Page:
At the Museum of the American Revolution, a ballot box from Deptford Township in Gloucester County, N.J., sits enclosed in a glass case. The iron that reinforced the box’s wooden frame has rusted and one of the two plaques decorating the box is dated 1811.

Next to it, a weathered book from October 1801 is opened to display the names of people who voted in a Montgomery Township election in Somerset, N.J. Amid the dozens of Johns and Roberts and James that filled the ledger, names like Rebecca, Mary, Elizabeth, Deborah, and Catherine also appear, highlighting something uncommon for its time: Women could and did vote.

Prior to the museum’s discovery of seven New Jersey poll lists in 2018, little proof of women or people of color voting during this period was known to exist.

The ballot box and poll list are just two relics that are a part of the museum’s latest exhibition, When Women Lost the Vote: A Revolutionary Story, 1776 – 1807. The exhibit, which runs through April 25, explores the untold stories of women and free people of color who voted in New Jersey during the decades following the Revolutionary War — a right that was stripped away by the state in 1807.

When Women Lost the Vote coincides with the 100th anniversary of the ratification of the 19th Amendment, which prohibited state and federal governments from denying voting rights to American citizens on the basis of sex.

In September of 1773, Phillis Wheatley became the first African American (and second woman after Anne Bradstreet) to publish a book of poetry. One of the first signed copies of Poems on Various Subjects, Religious and Moral is featured in the exhibit.

“So when you think about the [white] people who felt like they were being enslaved by Britain,” said Adrienne Whaley, the museum’s director of education and community engagement, “they talked about wanting liberty, but who is that liberty for? Does it go for Phillis Wheatley?”

Often, ownership of property was one of the eligibility requirements for voting rights, and "during the revolutionary and colonial era, women, generally speaking, once they got married, lost any individual rights they had as women,” said Whaley. “They transfer from being their father’s property to being their husband’s property. … Any objects they may have owned before were now their husbands.”

Opponents to inclusive voting rights argued that many ineligible people had voted, including married women, enslaved people, non-residents, and people who did not meet the property requirement. Soon after, a New Jersey statute, also on display in the exhibit, stripped the vote away from “aliens, females, and persons of color, or negroes” in 1807. It also granted the vote to all white male resident taxpayers.

The exhibit is integrated into the museum’s core galleries, which is roughly divided into four sections, each unfurling a central question: How did people become revolutionaries? How did the revolution survive its darkest hour? How revolutionary was the war? What kind of nation did the Revolution create?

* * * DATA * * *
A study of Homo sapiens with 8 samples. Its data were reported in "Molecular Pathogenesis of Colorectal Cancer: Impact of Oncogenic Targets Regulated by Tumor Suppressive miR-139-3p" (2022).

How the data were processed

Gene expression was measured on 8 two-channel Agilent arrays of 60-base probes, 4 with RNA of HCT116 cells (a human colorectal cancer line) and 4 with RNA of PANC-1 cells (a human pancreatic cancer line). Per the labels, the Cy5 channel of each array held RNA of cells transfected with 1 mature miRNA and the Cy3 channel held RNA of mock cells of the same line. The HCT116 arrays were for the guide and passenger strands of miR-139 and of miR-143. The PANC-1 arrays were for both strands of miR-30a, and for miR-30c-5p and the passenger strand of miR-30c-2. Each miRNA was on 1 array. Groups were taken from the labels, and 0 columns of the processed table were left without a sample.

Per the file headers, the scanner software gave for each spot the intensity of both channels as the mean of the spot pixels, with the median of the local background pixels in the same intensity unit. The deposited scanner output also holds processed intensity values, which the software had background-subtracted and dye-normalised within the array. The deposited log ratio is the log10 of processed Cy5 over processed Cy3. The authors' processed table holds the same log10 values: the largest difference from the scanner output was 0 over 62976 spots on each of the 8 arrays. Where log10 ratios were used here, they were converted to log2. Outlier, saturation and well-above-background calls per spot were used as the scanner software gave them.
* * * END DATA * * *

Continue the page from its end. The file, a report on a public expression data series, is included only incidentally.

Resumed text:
The museum decided to present When Women Lost the Vote as a part of its core gallery, “to grapple with the changes that the COVID-19 crisis had presented to us,” said Marcela Micucci, curatorial fellow in women’s history at the museum. The exhibition had been in the works since 2017 and was originally planned as a temporary exhibit in the Patriots Gallery. But coronavirus restrictions complicated the process. “I honestly think it came out stronger,” Micucci said.

More than 65 artifacts are featured in the exhibit, including the 1776 New Jersey State Constitution (which did not exclude residents from the vote based on race or sex), the wedding dress of Deborah Sampson who, before she married in 1785, disguised herself as a man to serve in George Washington’s army. To help build out narratives, the exhibit also makes use of digital interactives, immersive environments, and a free downloadable audio tour.

The museum has installed floor markers that encourage social distancing, and in the gallery, visitors are never far from a hand sanitizer dispenser. The museum is also operating at a limited capacity, only allowing up to 360 visitors per day. Masks are required. The exhibit is on view during the museum’s regular operating hours: Thursday through Sunday, 10 a.m. to 5 p.m.

Two original first-person theatrical performances are also being offered by the museum. The performances dramatize the different experiences and perspectives of two women of the period: Elizabeth “Mumbet” Freeman (played by Tiffany Bacon), an enslaved woman in Massachusetts who sued for her own freedom and won, and Rebecca Van Dyke (D’Arcy Dersham), who, along with her daughters, cast her vote in New Jersey. The performances have been recorded and will be presented as a film at the museum. Future live performances are being considered for holidays and special occasions.

While working on the piece, Philadelphia playwright Teresa Miller said she had a hard time figuring out Freeman’s personality. “I heard about [Mumbet] vaguely but I didn’t learn about her in school,” Miller said. “There were so many things that we had to sew together to make the play authentic and real.”

Miller describes When Women Lost the Vote as "surreal.”

“I’m not even going to sit up here and say I know how those women felt. I can’t say that. I wasn’t born then," Miller said. “But [the exhibit] is like having one-tenth of 1% of a glimpse of how it was.”